I was told today that I could not possibly have been a Christian if I later became an atheist. I must have merely been a “professing” Christian, so this person claimed.
Ironically, I would agree with that claim if posed in a certain way. After all, I don’t think anyone is a true Christian under a certain definition of the term, since I don’t think there is any everlasting Christ out there with whom you can form a relationship. But that isn’t how the person meant it. Rather, he meant that you would never actually leave a true relationship with Christ. Once you experience it, I suppose you would undergo a life-changing effect that you couldn’t realistically improve upon or set aside. It would be like Lyle Lovett leaving Julia Roberts (wait a minute…).
The biggest problem with me trying to consider this suggestion is that he and I are approaching the issue from completely different perspectives. He is operating under two very big assumptions—first, that God exists, and second, that his own particular theological commitments are the correct interpretation of this God’s desires. So, this would obviously not be something I would accept without compelling arguments to cover that vast territory. Furthermore, I favor examining the evidence and letting that shape my commitments, to the extent possible, rather than having a pre-existing commitment and then only viewing all potentially contrary evidence through that lens. To do otherwise seems to ignore the convincing evidence that confirmation bias is a factor when potentially contrary evidence is presented.
But those are all typical topics that have been discussed at length here and elsewhere. What I’m interested in right now is whether there is a case against this particular theological commitment that can be made without rejecting an assumption that God exists or that scripture is generally reliable. I had what I think is an interesting idea, so I’ll toss it out there. I’m calling it The Problem of Judas.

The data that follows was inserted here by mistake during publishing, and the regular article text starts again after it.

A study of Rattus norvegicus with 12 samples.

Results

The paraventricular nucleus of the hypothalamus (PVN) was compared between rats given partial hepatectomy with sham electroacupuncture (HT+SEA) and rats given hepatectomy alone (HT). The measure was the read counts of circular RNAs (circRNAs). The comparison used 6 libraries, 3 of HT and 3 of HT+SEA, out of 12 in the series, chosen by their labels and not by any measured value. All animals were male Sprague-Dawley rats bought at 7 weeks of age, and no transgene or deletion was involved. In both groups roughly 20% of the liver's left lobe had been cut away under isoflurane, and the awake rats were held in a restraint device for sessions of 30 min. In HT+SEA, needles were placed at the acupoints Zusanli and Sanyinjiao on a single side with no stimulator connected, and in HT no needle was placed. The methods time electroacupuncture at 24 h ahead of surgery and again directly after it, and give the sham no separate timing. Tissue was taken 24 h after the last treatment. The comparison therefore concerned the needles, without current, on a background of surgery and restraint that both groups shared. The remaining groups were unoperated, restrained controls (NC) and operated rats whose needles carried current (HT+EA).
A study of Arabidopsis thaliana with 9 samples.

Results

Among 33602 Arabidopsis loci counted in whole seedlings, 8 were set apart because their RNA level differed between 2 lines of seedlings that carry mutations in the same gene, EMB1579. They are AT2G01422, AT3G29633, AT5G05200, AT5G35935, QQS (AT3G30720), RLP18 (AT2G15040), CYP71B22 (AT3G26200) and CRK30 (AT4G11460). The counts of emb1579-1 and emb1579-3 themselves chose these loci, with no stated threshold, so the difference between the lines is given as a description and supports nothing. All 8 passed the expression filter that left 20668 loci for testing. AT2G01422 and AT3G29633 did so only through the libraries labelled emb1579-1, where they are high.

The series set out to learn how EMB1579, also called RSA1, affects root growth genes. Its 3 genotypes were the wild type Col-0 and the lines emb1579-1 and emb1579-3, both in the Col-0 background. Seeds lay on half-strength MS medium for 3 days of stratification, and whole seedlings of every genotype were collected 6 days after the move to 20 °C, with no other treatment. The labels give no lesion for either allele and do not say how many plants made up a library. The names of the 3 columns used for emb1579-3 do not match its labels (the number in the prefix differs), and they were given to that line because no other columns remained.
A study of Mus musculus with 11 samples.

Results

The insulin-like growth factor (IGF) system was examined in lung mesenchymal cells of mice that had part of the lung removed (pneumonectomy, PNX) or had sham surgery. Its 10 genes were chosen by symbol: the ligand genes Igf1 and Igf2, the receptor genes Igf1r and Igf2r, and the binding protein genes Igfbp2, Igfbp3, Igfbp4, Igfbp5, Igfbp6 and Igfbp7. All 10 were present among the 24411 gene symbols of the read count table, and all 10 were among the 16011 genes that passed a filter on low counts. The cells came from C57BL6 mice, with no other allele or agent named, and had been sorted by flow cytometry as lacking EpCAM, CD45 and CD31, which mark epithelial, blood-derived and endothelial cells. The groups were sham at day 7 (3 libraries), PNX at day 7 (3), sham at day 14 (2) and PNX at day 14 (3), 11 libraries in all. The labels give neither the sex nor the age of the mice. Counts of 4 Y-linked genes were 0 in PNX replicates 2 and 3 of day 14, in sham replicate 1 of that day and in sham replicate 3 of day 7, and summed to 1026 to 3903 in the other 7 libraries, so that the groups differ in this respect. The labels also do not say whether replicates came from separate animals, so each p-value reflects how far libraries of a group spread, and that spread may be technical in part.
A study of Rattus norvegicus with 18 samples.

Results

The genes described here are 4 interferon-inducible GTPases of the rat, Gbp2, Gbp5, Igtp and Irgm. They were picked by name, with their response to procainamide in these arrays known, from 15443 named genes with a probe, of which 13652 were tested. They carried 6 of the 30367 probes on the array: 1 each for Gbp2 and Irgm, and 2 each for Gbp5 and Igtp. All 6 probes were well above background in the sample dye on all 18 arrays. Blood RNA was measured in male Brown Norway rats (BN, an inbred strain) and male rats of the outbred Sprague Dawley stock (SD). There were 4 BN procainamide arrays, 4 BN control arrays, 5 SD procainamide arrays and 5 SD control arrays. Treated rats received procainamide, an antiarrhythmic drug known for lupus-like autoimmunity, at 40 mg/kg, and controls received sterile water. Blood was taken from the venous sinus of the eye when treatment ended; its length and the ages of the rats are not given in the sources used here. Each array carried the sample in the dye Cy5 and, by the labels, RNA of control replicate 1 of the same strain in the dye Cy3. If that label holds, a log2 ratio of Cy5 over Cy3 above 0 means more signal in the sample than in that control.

1. The relationship that Jesus formed with his disciples was incredibly personal and compelling.
2. Judas was among the disciples of Jesus.
3. Judas rejected his relationship with Jesus in an extreme and harmful way.
4. Thus, a very personal and compelling relationship with Jesus does not guarantee that one will not later choose to end that relationship.
I can’t actually imagine a Christian rejecting any of the three premises. In fact, I think they can be made even stronger. You could include in a discussion of (1) that not only did Jesus have such a relationship with his disciples, but that this relationship was even more personal and more compelling than anything possible today just given our inherent limitations. Consider for a moment what kind of impact actually living with and walking and talking with your savior would have. Now I know people will say they can do that today in some sense, but I think we all really know that this sort of in-person experience would have a much more profound impact on our lives. Second, I think premise (3) brings up a point that can be brought out more. Not only did Judas reject a relationship with Jesus, but he went so far as to place Jesus in harm’s way and deliver him into the hands of the enemy. Do people realize just what an extreme reaction this would be for someone to do this to God in the flesh?
So, we have a relationship in place that was in all likelihood stronger than anything possible today. For someone to suggest otherwise would mean that actually walking next to God and learning at his feet would not be more powerful than what we can achieve today. And we also have a reaction that not only rejects that relationship, but inflicts serious harm on the other person in the relationship. It’s much more than simply walking away for good.
If these are correct, then why should we think people today cannot truly have a relationship with God and later abandon that relationship? This does not require any particular theological commitments; it only requires a pretty straightforward reading of the text and some pretty mundane assumptions about relationships. It also focuses on one interpretation of the claim that we cannot step away from a true relaionship with Jesus. Some might quibble with how I’ve presented that, but I think similar problems might also be raised for altered versions.
Is this convincing? I’m really not sure, but I do think it’s interesting and probably deserves some further consideration.